A unanimous decision by faculty to restructure committees at Bowdoin will combine and cut some existing committees, as well as establish temporary working groups to target specific issues at the College.

The change, initially proposed by the Committee on Governance (COG) and voted on at the February 4 faculty meeting, seeks to more efficiently utilize committees at the College.

"The restructuring involves the combination of some committees that have overlapping responsibilities in the present system," Dean for Academic Affairs Cristle Collins Judd told the Orient. "For example, the new Governance and Faculty Affairs Committee will do the work presently handled by the Committee on Governance and the Faculty Affairs Committee."

The reforms will officially take effect on July 1, 2008, after the election and appointment of committees for the 2008-2009 academic year. Once the change has been implemented, the number of faculty spots on committees will decrease from 142 to approximately 90. (The new number is an approximation, since slots on some committees?like the radiation safety committee?can be filled by either a faculty member or a staff member.)

There are also a number of committees which will no longer serve as standing committees once the changes have taken effect. "Their work has been taken on by other committees or will be handled [by] working groups," Judd said. The disestablished committees total six: admissions, academic computing, financial priorities, first-year seminar, student affairs, and student awards, according to Judd.

One aspect of the change is in working groups?temporary committees that will be implemented by the Governance and Faculty Affairs Committee (GFA) to deal with specific policy issues. In the past, these ad hoc groups were established by the President, the Dean of Academic Affairs, and the Dean of Student Affairs. In the new framework, however, the GFA will be allowed to appoint these groups.

Chair of the Music Department Mary Hunter, a COG member, thinks the working groups will allow faculty members to tackle relevant, specific policy issues that the College needs to address.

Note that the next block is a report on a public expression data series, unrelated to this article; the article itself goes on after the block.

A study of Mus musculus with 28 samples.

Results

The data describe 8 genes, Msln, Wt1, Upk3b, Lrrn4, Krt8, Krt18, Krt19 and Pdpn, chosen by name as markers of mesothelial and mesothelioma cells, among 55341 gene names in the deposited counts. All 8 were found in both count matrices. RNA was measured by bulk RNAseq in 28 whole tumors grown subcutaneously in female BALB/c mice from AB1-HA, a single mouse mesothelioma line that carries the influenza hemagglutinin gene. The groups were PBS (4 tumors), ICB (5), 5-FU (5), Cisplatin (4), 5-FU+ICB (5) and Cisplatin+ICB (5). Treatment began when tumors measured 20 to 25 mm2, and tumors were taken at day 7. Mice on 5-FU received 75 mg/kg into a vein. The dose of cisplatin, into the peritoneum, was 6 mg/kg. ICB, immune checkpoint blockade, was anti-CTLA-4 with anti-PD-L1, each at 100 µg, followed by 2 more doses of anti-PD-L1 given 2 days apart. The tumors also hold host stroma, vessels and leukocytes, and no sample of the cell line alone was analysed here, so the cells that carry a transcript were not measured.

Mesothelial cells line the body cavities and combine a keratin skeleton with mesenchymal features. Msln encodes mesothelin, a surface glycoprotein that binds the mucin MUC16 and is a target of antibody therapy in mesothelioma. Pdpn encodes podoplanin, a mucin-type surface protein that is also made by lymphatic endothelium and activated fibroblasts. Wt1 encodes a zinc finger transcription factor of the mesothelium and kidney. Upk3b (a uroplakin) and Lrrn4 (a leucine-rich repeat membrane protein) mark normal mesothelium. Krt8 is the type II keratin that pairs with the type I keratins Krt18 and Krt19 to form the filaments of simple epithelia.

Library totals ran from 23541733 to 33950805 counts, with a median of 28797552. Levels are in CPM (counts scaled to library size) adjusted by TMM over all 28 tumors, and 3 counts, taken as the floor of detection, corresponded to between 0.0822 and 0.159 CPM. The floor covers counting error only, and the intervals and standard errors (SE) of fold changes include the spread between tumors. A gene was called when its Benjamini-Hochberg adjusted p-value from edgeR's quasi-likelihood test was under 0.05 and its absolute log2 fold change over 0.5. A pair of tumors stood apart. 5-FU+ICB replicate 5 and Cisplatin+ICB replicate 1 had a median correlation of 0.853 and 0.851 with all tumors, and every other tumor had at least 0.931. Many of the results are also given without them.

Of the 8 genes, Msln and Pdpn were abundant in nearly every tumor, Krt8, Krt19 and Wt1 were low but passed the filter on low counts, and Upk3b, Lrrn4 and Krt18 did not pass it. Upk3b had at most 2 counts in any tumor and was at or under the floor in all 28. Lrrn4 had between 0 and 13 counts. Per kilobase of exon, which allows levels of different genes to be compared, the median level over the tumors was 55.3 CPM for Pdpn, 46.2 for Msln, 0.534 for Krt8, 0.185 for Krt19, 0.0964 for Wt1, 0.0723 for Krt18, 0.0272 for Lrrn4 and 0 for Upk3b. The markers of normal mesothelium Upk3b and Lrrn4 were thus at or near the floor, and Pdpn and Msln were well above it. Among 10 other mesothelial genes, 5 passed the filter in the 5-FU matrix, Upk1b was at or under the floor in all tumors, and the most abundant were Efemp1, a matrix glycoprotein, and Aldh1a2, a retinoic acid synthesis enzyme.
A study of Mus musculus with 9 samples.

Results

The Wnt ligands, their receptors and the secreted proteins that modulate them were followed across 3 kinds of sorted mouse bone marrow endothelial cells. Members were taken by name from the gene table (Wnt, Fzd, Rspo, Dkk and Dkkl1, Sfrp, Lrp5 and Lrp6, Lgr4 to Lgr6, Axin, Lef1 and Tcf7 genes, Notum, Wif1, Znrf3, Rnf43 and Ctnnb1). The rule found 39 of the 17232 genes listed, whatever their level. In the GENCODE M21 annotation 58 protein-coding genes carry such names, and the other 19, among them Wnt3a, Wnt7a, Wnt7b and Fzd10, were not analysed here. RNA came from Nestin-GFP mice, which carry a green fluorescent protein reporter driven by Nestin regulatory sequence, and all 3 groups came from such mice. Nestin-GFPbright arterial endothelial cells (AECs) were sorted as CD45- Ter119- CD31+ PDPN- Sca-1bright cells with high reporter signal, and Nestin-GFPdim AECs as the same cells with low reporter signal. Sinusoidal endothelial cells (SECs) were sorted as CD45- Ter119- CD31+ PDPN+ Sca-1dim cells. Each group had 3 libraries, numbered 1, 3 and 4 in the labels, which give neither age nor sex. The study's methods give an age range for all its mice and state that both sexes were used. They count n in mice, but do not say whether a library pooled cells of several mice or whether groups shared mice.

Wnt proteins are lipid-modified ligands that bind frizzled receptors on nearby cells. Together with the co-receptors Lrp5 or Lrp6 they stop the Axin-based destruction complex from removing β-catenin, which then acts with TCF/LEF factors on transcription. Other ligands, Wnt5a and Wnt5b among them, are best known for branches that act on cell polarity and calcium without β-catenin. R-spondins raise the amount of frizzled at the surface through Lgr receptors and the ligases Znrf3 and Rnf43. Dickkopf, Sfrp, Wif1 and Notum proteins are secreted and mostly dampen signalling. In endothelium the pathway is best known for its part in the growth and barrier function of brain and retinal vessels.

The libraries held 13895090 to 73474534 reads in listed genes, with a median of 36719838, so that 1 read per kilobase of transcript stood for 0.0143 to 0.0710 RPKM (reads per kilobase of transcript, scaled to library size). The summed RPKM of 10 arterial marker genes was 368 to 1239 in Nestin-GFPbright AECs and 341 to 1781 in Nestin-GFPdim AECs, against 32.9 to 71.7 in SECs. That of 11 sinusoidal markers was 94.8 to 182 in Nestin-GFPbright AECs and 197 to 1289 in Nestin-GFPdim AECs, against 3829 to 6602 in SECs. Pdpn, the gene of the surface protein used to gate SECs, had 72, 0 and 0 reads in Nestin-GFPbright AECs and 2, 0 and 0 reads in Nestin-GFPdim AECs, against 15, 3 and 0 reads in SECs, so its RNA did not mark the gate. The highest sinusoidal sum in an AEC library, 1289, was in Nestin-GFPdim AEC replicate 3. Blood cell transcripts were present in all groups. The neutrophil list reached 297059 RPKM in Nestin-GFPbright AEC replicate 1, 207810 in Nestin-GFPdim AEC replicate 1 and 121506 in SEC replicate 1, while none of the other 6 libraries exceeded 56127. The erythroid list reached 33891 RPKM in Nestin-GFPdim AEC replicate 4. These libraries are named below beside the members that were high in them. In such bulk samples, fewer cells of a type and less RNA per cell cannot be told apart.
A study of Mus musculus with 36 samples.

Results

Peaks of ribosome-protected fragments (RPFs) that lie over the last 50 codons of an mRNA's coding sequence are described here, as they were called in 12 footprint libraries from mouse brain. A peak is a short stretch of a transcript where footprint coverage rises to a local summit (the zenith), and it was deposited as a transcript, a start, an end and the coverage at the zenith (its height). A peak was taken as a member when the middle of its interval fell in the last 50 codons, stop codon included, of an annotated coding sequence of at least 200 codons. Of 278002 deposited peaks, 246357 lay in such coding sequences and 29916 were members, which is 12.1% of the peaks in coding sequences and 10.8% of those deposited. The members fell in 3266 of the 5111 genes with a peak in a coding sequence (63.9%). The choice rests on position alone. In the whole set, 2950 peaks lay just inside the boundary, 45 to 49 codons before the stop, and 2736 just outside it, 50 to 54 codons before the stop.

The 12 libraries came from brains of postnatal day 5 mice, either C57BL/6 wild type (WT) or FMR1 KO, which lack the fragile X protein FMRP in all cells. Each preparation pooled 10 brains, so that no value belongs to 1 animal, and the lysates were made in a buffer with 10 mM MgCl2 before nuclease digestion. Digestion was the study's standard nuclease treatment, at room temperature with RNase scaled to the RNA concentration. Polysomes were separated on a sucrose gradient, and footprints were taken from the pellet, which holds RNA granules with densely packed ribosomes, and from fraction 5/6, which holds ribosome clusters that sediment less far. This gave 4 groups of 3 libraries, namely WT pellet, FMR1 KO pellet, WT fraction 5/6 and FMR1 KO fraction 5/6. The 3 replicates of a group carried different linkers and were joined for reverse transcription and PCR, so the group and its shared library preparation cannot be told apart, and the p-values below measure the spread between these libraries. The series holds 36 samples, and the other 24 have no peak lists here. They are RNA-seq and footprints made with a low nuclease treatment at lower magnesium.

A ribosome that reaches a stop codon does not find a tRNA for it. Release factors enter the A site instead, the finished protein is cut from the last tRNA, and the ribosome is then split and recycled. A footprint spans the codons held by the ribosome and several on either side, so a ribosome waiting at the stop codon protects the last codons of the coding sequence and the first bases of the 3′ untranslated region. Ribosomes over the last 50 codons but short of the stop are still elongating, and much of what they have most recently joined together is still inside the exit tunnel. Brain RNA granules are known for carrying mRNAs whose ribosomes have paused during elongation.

"The tasks [on the working groups] will be more focused," Hunter said.

Hunter also said she does not think that the decision to allow the GFA to appoint working groups will necessarily lead to more red tape.

"A lot of big issues take time anyway," she added.

During the initial drafting of the proposal to restructure committees, the COG consulted with other committees and also addressed the concerns of students.

Judd said she does not think that the new committee structure will take the student voice out of the decision making process.

"I don't anticipate that the new structure will in any way diminish the role that students play on committees here at Bowdoin," she said.

Hunter agreed, noting that the changes apply equally to both students and faculty.

"We haven't taken students off of committees where they were there before," she said.

Bowdoin Student Government (BSG) President Dustin Brooks '08 said he thinks the COG took student considerations sufficiently into account.

"I brought up a couple of issues and they did answer the most important one, namely the process for appointing students to working groups," Brooks said.

BSG Vice President of Academic Affairs Sam Dinning '09 said he thinks that the new changes could be effective provided that working groups operate efficiently and give students?even those not on a committee?the opportunity to articulate their concerns on a particular issue.

"As long as the new process of forming working groups occurs in a way that allows concerns to be heard and responded to in a timely fashion, I cannot say that there are any particular issues I have [with the restructuring]," Dinning wrote in an e-mail to the Orient.

But Brooks underlined the need for input as the changes move forward.

"We'll have to be extra vigilant about making the student voice heard as we move into the new system," he said.

Built into the new committee structure is also an assessment after three years.

"The review will ask whether the restructuring accomplished its goals, among them rationalizing and equitably distributing the responsibilities for shared governance among the faculty and ensuring that committee work offered meaningful engagement for faculty in the process," Judd said.

Judd said she expects that the review, like the restructuring process, will also involve feedback from other committees (in addition to the GFA) assessing the merits and problems of the new system.